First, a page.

ROAD SAFETY campaigners are calling for an urgent reduction in speed limits in residential areas across Yorkshire’s largest city as new figures lay bare the shocking human and economic toll of traffic accidents.
A new council report has shown that the “prevention value” of all injuries suffered in road crashes in Leeds last year was a £127m. The total cost of the accidents - taking into account policing, emergency service attendance, hospital treatment, insurance and property damage - was estimated at £139m.
In 2014, there were 1,937 road traffic collisions in Leeds, with a total of 2,543 casualties. Of those injured, 337 people were killed or seriously hurt. Pedestrians made up 404 of the injured, and 253 were children.
Researchers acknowledge that “there is no absolute value that can be put on human pain and suffering”. However, the revelations have led to campaigners calling for an urgent fast-tracking of the city’s 20mph zones rollout.
Leeds City Council is currently implementing the lower speed zones in communities around schools, and it says this has already led to a “promising downward trend” in accidents.
The authority has already stated it wants to create 20mph speed limits in the majority of residential streets across Leeds by 2020 in a programme set to cost a total of £6m.
The council has also pledged to slash serious injuries and deaths on the city’s roads by half by 2026.
But campaigners want a quicker, wider rollout of 20pmh zones to all residential and built up areas - and the creation of a forward thinking highways strategy which prioritises walking and cycling over car usage.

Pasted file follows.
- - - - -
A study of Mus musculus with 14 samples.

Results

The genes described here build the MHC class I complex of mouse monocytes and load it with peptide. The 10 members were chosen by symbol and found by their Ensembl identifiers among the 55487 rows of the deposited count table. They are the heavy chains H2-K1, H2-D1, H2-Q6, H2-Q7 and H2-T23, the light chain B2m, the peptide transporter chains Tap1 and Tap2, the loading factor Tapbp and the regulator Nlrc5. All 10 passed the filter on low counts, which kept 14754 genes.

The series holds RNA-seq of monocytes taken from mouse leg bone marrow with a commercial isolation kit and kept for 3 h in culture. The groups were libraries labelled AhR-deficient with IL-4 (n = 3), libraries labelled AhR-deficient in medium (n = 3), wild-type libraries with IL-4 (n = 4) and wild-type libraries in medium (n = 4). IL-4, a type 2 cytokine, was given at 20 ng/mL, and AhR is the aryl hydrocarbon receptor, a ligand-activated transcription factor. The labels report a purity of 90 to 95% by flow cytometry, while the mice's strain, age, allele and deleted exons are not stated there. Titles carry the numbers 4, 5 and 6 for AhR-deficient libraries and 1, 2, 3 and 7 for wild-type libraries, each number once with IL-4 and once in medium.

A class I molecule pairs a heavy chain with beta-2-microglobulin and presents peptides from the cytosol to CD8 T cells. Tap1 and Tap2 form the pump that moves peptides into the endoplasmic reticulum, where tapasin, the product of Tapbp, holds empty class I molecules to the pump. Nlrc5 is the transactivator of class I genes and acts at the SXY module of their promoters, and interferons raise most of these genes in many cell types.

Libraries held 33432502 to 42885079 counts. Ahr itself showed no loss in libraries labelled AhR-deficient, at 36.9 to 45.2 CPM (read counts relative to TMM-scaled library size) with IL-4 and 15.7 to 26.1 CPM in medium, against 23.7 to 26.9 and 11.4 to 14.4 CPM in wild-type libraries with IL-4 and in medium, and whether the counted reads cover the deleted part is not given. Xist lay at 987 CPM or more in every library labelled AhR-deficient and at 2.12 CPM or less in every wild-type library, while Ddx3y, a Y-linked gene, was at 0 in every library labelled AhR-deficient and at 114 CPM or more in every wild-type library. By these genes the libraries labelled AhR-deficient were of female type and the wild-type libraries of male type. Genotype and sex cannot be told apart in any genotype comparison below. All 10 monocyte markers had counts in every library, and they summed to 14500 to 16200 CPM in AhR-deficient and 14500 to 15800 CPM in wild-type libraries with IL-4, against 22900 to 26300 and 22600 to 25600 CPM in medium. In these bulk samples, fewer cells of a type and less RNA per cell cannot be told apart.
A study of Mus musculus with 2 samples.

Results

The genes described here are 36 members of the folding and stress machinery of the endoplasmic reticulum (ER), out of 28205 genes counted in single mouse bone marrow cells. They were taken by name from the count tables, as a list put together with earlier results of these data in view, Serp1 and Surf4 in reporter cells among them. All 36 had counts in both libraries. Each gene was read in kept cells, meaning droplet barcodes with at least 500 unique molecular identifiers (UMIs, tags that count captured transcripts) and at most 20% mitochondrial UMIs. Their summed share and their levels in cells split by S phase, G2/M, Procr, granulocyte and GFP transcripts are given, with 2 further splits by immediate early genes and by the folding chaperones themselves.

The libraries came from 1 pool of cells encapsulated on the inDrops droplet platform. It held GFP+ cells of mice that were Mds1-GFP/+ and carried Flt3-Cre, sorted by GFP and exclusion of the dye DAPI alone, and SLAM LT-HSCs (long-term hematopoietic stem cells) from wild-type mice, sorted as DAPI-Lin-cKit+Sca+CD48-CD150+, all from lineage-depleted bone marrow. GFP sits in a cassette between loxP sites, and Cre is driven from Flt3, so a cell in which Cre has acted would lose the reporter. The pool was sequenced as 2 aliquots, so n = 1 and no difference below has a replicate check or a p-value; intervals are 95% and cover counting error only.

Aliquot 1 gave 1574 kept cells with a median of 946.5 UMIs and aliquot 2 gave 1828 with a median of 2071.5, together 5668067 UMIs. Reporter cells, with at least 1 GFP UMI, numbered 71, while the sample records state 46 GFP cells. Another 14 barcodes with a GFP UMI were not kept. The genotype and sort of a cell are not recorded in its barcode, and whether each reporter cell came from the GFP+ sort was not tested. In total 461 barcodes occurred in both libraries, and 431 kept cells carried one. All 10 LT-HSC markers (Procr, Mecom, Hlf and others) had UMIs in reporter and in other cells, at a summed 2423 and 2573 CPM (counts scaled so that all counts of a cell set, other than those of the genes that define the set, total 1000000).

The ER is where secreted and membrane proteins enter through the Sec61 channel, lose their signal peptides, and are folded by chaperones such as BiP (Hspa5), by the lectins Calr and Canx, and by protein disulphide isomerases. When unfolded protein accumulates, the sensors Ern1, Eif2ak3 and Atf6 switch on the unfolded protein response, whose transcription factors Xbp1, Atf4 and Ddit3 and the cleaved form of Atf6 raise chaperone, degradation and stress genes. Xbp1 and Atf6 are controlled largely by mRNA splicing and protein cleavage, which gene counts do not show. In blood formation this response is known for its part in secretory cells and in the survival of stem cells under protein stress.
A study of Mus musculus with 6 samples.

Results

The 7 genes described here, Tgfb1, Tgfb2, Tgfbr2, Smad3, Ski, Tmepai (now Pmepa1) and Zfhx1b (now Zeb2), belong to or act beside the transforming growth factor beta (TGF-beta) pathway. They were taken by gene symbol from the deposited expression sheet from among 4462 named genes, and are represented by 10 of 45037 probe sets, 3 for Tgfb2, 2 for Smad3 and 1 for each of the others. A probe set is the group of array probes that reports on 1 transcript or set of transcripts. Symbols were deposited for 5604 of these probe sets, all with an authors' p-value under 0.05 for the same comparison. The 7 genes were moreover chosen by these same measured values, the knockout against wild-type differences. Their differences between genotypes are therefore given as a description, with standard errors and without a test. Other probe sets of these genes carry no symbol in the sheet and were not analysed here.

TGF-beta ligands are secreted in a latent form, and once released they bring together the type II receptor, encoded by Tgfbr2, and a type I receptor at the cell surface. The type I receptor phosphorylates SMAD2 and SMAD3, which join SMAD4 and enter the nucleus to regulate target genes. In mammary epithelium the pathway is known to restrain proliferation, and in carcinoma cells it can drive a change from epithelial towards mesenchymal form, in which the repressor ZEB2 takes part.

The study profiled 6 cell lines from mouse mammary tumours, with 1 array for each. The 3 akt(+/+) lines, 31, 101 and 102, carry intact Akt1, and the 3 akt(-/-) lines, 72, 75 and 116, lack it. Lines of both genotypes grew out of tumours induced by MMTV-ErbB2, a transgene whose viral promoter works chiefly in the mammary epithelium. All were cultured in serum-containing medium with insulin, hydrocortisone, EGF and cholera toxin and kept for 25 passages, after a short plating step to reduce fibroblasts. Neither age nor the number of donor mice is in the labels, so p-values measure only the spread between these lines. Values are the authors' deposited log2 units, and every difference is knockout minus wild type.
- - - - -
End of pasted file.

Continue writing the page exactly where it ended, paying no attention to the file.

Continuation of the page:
Gary Rae, the campaigns manager for the road safety charity, Brake, said: “These figures highlight both the human and economic costs of road crashes.
“By starting to introduce 20mph limits Leeds council is taking one simple step to reduce collisions and casualties, enabling residents to live active lifestyles, and reduce pollution. 20mph limits are a proven, cost-effective way of making our streets safer, which is why it’s time for the government to adopt 20mph as the default national urban limit.”
A report presented to an internal council watchdog, which is investigating the impact of 20mph zones, said the lower limits have been shown to deliver “tangible road safety benefits” in Leeds.
It revealed the number of accidents in Leeds areas covered by 20mph zones fell by 50 a year.
However, it also warned that the “more blanket wide area based approach” - as favoured by campaigners - risked not being as effective and could lead to areas that need other road safety and pedestrian-friendly features being “overlooked”.
A Leeds City Council spokeswoman said: “By looking at individual sites and tailoring 20 mile an hour zones for each one based on need and circumstances, we can achieve better outcomes for those communities than a blanket roll out would achieve.
“With a mix of rural and urban areas, a ‘one size fits all’ solution won’t work for Leeds and when and how 20 mile an hour zones are implemented in other cities may not be appropriate here.
“Although a monetary amount can be attributed to the cost of an accident, the true cost of lives saved by improving road safety with 20 mile an hour zones is immeasurable.”